What It Means to Be Here

My father passed away suddenly, almost seven years ago, not long after his forty-seventh birthday, due to complications from an aggressive form of leukemia. I miss him every day, but one of the things I wish I’d had time to do was hear more of his stories. Though on paper his life looks fairly conventional–grew up in south Boston, joined the Navy and moved to Virginia, met my mother, finished his service and moved north to my Mom’s hometown, where I grew up–I know he probably had dozens of tales I never heard.

That’s why I read my friend Kate’s little essay about the stories she heard from her grandmother near the end of her grandmother’s life, with interest, affection, and a little sadness. It’s a lovely piece worth reading, especially having just passed Memorial Day.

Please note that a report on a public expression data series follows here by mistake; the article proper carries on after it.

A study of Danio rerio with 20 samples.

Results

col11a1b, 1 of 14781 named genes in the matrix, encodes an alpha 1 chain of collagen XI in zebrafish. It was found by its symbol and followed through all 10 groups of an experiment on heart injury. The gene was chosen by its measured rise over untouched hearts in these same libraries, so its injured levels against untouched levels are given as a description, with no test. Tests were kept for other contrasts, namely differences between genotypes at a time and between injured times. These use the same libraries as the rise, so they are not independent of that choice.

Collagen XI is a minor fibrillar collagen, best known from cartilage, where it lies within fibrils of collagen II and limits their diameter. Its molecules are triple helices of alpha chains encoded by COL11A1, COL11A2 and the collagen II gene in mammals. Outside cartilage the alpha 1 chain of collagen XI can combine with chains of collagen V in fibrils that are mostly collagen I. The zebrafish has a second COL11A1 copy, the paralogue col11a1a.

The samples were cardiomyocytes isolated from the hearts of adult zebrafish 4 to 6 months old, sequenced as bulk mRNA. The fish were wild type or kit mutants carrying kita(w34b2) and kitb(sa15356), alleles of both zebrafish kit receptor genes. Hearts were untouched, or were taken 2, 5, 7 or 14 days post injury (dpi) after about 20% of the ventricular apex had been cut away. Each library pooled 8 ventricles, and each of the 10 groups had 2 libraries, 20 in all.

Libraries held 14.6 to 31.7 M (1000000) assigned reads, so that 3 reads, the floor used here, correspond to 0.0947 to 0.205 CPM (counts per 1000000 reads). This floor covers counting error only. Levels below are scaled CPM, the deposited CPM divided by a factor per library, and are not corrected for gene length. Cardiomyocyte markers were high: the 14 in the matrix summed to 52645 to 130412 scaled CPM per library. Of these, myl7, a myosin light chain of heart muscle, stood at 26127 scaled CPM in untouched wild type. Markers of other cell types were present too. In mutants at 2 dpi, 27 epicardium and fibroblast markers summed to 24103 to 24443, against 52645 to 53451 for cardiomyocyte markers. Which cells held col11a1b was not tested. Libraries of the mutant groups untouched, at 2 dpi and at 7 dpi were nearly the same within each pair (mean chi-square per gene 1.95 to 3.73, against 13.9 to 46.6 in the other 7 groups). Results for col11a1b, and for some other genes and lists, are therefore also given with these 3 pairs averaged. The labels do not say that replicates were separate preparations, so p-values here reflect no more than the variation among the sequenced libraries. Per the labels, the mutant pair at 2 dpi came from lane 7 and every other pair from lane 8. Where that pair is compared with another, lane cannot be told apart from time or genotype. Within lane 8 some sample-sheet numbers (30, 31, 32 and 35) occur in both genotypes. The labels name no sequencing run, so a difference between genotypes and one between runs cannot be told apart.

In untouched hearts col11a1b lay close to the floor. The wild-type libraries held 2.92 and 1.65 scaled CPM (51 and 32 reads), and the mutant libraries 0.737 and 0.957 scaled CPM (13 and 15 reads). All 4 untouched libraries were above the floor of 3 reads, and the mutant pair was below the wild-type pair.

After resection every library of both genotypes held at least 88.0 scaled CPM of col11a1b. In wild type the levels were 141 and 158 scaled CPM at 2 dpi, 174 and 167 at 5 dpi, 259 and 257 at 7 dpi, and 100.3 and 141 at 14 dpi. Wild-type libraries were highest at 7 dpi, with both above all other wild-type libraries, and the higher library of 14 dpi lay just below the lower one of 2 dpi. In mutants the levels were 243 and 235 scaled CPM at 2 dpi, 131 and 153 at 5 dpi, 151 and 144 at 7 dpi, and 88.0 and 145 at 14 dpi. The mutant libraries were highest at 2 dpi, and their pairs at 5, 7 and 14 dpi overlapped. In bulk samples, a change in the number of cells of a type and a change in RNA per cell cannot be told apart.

Stories—my grandmother’s, mine, yours—aren’t linear. They come in different shapes and sizes, and they don’t usually move in straight lines. Sometimes life is orderly, but most of the time, it shoots out in a lot of different directions at once and you have to just go with it. Stories don’t always fit on a page or in a room or whatever else kind of box we want to put them in. Some begin and end in the same sentence, and others unfold over dinner parties, weeks, or lifetimes. 

In the end, it wasn’t the birthdays or the wedding days or the tearful goodbyes that defined my grandmother’s life. It was the pedicures and the birds and the bonfires. Her storytelling, which seemed at the time like repetitive and erratic behavior, was really a beautiful human instinct: My grandmother was discovering what it means to be here.